ADOPTION AND LESSONS LEARNED
This adoption journey has taught me several things: I did not know I could love someone I had not seen or known as much as I already love this little girl. I don’t know who she is, what she looks like, yet she feels so much a part of me. We refer to her by her name and in less than a month she has gone from a thought in my head to an actual person. Secondly, this process is teaching me patience. I believed I was patient even before, but patience for the system and for something you want so much yet have no control over is a whole different ball game. There are anxious days when I re-read every blog I have already read on the topic, there are moments of uncertainty wondering what if but the next morning I am upbeat again about her.
There has been a few milestones since I last updated on our adoption journey. We successfully completed our homestudy amidst crazy cleaning and reorganizing to make our home child friendly. We got our homestudy report, proof read it a million times. We got registered with CARA India on May 1st. CARA is the adoption authority in India, and now we exist in their system. We are now trying to collect a million notarized documents for our dossier. Dossier, a fancy word for document collection is a mind numbingly strenuous process. The hardest of them being a physical with the doctor. I hate doctors and I try to not see them unless I absolutely need to. This little girl sure is making me see those people more than I like to.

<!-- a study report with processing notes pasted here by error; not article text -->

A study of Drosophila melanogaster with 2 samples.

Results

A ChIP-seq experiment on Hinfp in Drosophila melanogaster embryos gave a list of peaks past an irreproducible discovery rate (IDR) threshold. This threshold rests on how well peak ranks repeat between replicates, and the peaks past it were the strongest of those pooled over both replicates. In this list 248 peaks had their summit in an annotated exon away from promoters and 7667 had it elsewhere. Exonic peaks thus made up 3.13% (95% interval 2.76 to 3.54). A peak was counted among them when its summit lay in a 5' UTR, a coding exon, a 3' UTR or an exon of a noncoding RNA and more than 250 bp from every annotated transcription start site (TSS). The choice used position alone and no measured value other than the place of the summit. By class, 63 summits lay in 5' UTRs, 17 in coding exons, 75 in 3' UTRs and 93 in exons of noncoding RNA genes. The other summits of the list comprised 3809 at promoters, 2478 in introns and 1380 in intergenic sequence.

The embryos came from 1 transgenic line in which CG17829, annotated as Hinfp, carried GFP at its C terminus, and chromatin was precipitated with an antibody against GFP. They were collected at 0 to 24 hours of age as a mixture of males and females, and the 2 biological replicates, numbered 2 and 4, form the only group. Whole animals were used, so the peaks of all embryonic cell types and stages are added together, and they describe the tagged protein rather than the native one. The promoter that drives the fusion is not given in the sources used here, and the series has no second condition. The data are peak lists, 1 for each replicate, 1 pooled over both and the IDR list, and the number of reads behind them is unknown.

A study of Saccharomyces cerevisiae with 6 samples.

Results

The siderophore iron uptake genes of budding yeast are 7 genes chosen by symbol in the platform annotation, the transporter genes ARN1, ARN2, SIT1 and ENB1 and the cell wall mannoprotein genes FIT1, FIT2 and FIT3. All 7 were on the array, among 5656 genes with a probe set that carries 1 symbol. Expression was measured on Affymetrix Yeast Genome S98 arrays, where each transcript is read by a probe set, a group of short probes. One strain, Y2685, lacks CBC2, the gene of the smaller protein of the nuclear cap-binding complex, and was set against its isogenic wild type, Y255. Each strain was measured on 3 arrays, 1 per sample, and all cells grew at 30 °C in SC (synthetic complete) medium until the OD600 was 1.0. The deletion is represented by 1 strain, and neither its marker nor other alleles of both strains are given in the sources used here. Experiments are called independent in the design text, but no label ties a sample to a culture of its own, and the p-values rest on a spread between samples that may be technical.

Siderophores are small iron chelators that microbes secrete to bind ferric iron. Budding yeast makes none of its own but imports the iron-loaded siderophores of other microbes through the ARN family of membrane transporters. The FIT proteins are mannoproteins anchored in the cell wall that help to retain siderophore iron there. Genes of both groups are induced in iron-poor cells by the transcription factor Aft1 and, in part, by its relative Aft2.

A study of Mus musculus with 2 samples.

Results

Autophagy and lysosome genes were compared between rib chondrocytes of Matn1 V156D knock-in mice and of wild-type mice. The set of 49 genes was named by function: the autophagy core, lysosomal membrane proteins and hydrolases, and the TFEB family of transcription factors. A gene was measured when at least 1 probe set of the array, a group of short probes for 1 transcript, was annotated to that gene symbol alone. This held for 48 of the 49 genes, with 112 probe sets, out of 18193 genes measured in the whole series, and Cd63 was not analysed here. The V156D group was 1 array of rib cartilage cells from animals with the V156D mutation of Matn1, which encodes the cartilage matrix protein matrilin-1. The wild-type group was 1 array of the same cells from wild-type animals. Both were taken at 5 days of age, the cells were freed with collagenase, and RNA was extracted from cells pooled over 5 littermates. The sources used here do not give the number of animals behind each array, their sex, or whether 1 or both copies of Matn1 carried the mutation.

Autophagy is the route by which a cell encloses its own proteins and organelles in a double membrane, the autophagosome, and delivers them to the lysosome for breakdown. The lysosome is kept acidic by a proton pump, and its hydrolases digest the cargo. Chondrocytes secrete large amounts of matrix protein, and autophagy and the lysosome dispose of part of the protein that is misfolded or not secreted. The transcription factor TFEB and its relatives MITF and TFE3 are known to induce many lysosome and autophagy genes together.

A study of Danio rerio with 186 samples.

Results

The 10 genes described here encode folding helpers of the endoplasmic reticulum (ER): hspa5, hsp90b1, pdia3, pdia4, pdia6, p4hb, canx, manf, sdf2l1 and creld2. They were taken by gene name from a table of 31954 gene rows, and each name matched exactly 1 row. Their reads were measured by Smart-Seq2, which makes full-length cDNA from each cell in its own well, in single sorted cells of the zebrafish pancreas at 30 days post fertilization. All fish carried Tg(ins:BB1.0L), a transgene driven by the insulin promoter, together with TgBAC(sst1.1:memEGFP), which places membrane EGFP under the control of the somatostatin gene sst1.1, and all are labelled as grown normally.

I knew this journey would teach me a lot considering people say a child can change your whole world. But what I didn’t realize was how much I would learn before I even get her. I have never had to deal with “are you dating someone?”, “when are you getting married” questions. Things happened when society deemed was the right time for me, so I was saved from that turmoil. With this adoption process, everyone seems to have an opinion about what I should and shouldn’t do. Here’s an example of the conversation I have with people:
Me: We are adopting a baby
Stranger: Oh, because you have problems and cannot have your own?
Me: No, because we want to. I don’t have any problems
Stranger: That is so nice of you. You are so generous.
This has been the drill irrespective of gender, and age. I initially felt obligated to justify that I could have my own child, but at some point I felt horrible about it. As a woman, I can only imagine the pain one feels in the endless battle of having a child, and I felt I was in some ways cheating on my gender by stating my fertility status. I decided I would not answer it. In reality I wanted to say “none of your business” which in polite language came out as silence. As a young woman, I was not prepared for these questions. I have heard these questions in India a million times, but in America where privacy is so valued, I was surprised at this intrusion.
I have even had someone tell me if I was adopting because of infertility then it is not noble, else I was noble to do it. I don’t want to be perceived noble. I just want to enjoy this process without being bombarded by questions. Irrespective of my fertility status, or the nobility pedestal people put me on, I am just a young woman trying to live the dream I had. If a pregnant woman is not asked why she decided to get pregnant, don’t ask me why I am adopting. It is none of your business!